Ahhh, Hong Kong, city of ten thousand delights, many of them edible. It’s possible to spend your entire time in this city just eating, and enjoying it immensely. No matter what you want to eat, you’ll find it in Hong Kong, often in a tiny hole-in-the-wall noodle joint so packed you have to climb over the furniture to sit down. Me, I’ve got a particular fondness for dumpling soup, and man oh man, did I indulge.
Aside from eating, of course, Deni and myself did see a whole bunch of films. Well, we take our jobs seriously, and when the task in hand is watching Asian movies, we’re ready to take on as much as is on offer.
In fact, because there were two of us this year, and we saw so many films, we’re changing the report format: there’ll be a short general report, then a bunch of links to all the reviews of films that screened.
HKIFF was run by different people this year, and despite the absence of swag (don’t think we didn’t notice), it went off pretty well. One good idea was to have the Opening Night swank outdoors. Hong Kong in April is glorious, and so we milled happily in velvety warm air, trying to catch glimpses of famous faces. And there were plenty: Jackie was there, beaming his big goofy grin; Daniel Wu, looking the epitome of the handsome young Chinese man about town in a traditional gown; Charlene Choi in a short skirt with her shoulders pulled back so far her elbows were nearly touching; and Nagase Masatoshi, star of The Hidden Blade, looking amazingly cool in a tight striped suit with pointy cowboy boots.
Opening Night was also the occasion of the screening of Johnnie To’s short film, The Open Road. And there to be photographed were three of the film’s four stars, Edison Chen, alas, being absent. But Louis Koo was very much present, and I have to say that he is one of the most breathtakingly gorgeous men on the planet. You might think he looks good on film, well, I have to tell you that he was the centre of a 100-metre wide zone of wide-eyed, panting females. I suspect even the female fish in the harbour got a little dizzy. I can’t say I was immune, although I’m putting it down to all the Skye vodka I was imbibing (Skye were one of the sponsors, and very nice vodka it is too).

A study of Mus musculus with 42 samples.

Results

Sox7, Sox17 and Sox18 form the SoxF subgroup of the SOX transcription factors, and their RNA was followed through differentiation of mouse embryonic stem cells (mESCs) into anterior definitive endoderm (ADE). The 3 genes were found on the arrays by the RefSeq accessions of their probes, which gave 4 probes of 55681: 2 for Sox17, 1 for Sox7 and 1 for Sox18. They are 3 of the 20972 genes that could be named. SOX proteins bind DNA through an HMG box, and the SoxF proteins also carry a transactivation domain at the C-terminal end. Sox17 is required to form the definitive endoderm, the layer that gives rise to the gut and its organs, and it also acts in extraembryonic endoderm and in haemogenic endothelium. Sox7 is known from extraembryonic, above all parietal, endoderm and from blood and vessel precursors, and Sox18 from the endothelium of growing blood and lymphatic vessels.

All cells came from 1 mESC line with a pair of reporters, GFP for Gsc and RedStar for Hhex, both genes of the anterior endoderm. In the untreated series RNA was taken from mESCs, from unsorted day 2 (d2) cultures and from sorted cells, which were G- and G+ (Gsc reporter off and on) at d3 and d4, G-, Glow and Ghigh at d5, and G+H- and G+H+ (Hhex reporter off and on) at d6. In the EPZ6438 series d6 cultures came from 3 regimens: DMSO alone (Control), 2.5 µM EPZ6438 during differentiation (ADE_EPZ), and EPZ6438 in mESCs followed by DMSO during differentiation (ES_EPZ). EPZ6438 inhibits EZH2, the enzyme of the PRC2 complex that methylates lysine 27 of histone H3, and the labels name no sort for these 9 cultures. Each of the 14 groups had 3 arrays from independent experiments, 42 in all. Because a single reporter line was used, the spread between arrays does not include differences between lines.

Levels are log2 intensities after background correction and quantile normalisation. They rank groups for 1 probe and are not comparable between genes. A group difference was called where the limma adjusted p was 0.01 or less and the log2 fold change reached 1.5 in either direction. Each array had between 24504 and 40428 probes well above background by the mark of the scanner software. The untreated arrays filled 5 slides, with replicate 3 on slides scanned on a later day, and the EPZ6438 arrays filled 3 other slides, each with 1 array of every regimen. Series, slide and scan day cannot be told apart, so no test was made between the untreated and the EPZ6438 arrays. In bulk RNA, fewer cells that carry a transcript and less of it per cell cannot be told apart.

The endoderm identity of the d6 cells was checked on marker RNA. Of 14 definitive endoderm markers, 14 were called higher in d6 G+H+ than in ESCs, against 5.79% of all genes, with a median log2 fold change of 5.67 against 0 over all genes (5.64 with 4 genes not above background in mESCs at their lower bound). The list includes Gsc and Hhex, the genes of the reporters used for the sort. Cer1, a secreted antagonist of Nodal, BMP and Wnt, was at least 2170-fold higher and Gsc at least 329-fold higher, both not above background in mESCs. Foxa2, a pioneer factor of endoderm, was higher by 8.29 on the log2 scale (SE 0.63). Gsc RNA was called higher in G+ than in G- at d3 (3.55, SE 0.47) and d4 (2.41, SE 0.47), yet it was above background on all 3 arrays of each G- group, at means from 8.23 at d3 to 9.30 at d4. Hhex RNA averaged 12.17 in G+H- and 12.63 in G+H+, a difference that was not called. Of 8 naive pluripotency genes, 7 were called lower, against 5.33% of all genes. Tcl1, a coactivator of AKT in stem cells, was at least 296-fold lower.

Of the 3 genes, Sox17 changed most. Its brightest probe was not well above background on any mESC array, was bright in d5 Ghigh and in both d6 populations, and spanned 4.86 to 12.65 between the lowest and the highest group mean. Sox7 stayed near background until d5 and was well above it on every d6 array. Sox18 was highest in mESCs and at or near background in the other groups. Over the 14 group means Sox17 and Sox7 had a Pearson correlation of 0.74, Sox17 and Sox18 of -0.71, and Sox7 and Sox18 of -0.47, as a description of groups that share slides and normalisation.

Other personally-attended highlights included the premiere of House Of Fury, which gave us director/actor Stephen Fung, actor Daniel Wu, and actor (sort of) Michael Wong, who seemed to be having almost as much fun as we were; and Otakus In Love, which was attended by a producer whose name no-one remembers and the very beautiful Matsuda Ryuhei, who looked sweet and geeky, and whose car was apparently chased all down the street by screaming fans.
Another highlight for fans of HK cinema was the artist spotlight: each year, HKIFF focuses on one actor or director, showing a selection of their work, and this year it was Andy Lau Tak Wah. Lordy lordy, just about the most handsome man in Asia, the man who recently featured in Esquire magazine as the epitome of Male Perfection, being showcased for our delectation. Bless you, HKIFF, and I mean that most sincerely. Can’t wait to see who’ll be in the spotlight next year.
Anyway, enough wiffling: on to the reviews!